Nomura Holdings fined with $480 million for fraud

Nomura Holdings is a New York-based investment bank. Nobody in the world would ever think that an investment bank this big would resort to some sort of fraud. Nomura has already paid $480 million to the United States authorities without denying or confessing to selling residential mortgage-backed securities to investors it misled before the 2008 stock market crash.

What are the charges?

Nomura Securities is facing charges of illegally and misleadingly selling more than a thousand loans that were displayed as securities when in reality they were just defaulted and not to be visited ever again. The first ever allegations came when rumors started to float that the mortgage loans that were being sold off by the firm, had no real value to them, because of the small price they were asking for it. Some even believe that a fine is not enough for Nomura, because of the volume of defaulted loans it was selling off. Many of the buyers got so affected by the misleading campaign, that it may have affected the market crash directly back in 2008.

Nomura has been silent for all this time, without admitting or emphasizing their guilt or innocence in the matter. All they said was that they were happy to have settled everything in a timely manner and leave it all behind them. Share prices didn’t budge as well, because the company was able to get away with just a small fine. $480 million is actually quite small for them to pay in regards to such a massive illegal activity.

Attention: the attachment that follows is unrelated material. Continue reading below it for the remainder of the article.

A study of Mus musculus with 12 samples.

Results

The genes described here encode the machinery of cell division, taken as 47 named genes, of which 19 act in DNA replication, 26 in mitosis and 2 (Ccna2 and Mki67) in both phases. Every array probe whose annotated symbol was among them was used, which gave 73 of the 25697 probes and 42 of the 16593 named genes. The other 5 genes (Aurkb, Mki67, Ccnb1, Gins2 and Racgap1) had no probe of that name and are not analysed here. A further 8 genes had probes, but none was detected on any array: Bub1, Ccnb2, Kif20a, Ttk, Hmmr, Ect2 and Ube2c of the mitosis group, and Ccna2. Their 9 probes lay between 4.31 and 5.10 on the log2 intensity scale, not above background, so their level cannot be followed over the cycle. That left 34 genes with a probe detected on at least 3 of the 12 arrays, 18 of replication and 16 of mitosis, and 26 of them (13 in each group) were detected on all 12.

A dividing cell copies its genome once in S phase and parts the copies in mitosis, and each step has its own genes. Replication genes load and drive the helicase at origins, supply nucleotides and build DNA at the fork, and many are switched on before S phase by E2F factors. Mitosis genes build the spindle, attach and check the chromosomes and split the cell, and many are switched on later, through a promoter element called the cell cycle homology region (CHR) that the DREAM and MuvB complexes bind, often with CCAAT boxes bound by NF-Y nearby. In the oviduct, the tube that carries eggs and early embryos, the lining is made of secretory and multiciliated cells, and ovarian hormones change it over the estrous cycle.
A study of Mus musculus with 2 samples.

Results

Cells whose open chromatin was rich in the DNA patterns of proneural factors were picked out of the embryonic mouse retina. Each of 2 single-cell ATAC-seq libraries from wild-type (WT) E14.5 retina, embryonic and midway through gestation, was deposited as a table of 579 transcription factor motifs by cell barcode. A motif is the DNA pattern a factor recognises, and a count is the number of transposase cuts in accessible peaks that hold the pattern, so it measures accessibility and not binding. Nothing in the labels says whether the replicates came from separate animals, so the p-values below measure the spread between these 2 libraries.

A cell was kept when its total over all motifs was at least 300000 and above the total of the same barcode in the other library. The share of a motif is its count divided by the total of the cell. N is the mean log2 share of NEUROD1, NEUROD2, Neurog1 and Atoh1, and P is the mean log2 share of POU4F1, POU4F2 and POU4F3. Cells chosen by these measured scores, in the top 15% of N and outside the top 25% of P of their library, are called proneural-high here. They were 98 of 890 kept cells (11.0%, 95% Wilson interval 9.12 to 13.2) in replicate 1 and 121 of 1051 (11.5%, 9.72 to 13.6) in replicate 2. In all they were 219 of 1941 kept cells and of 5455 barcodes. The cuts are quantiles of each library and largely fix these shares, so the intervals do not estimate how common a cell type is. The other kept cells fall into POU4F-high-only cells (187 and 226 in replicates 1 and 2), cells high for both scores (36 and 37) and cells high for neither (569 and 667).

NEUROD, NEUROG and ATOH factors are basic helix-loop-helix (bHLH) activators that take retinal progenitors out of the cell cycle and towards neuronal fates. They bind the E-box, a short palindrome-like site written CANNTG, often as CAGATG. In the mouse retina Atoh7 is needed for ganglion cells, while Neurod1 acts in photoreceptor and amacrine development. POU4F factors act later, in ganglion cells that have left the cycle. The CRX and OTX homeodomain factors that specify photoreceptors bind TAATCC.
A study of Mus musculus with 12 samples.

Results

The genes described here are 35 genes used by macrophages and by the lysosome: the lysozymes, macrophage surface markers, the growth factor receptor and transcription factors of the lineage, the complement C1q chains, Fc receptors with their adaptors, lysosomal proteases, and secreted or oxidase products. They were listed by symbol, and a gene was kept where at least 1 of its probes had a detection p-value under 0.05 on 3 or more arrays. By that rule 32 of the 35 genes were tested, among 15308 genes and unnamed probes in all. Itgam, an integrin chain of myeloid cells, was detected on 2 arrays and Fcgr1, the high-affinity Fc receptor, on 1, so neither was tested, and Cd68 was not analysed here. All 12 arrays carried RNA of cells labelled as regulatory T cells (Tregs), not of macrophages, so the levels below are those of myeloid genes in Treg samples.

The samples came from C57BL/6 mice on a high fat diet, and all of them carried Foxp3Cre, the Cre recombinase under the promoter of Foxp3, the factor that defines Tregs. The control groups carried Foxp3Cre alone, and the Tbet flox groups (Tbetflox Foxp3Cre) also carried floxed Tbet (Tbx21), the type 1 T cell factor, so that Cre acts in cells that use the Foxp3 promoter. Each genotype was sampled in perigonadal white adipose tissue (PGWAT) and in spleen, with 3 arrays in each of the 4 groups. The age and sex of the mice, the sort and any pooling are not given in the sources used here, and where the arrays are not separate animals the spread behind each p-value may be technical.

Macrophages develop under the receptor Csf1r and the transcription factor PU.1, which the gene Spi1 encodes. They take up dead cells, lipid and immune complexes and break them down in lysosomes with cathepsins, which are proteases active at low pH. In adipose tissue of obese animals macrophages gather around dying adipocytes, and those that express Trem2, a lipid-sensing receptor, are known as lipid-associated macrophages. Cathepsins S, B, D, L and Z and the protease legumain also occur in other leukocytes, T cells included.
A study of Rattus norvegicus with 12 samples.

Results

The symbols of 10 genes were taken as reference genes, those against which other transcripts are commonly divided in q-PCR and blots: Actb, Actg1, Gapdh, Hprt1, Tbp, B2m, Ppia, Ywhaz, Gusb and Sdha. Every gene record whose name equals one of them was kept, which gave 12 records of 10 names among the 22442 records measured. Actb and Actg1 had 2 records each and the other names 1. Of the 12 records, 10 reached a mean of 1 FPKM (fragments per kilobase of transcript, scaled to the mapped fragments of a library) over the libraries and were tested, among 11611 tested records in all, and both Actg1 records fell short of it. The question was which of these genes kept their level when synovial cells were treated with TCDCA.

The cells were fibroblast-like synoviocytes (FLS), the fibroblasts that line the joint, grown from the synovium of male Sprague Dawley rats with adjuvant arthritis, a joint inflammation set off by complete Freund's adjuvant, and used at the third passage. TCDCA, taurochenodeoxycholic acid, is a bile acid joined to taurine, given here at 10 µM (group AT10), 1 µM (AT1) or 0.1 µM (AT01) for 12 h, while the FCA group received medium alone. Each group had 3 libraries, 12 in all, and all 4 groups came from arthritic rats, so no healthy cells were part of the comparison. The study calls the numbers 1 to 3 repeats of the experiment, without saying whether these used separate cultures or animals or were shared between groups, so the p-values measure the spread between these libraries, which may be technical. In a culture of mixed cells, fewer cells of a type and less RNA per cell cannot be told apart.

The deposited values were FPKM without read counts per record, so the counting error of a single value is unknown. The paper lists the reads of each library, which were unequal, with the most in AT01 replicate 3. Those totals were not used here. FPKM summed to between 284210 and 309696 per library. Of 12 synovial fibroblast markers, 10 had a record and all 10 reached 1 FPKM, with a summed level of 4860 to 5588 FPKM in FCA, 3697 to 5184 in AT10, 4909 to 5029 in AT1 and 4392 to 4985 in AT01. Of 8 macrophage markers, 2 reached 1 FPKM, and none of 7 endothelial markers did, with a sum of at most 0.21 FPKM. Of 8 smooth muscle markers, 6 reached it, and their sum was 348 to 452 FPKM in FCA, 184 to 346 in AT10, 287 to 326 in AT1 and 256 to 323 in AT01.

Is Nomura going to sink?

Investors and customers alike, have been speculating whether this information could be deadly for Nomura to continue its activity in an efficient way. However, people quickly forget the fact that Nomura isn’t the only bank guilty of these allegations. More than $50 billion in fines was issued by the US regulators after the financial crisis, as stories of numerous banks selling mortgage-backed securities started to emerge.

The biggest culprit turned out to be Bank of America Corp., who was fined nearly $17 billion for its dealings with defaulted mortgage sales as securities. Nomura’s name may still be able to revive itself after the dust has settled.

By Martin

Martin is a professional trader with 3 years of working experience in a Cyprus based brokerage. After the experience, he moved to the UK where he became a financial news reporter at a local news outlet. His years of experience of trading helps him deliver the most quality news, while also analyzing the impacts of it on various markets.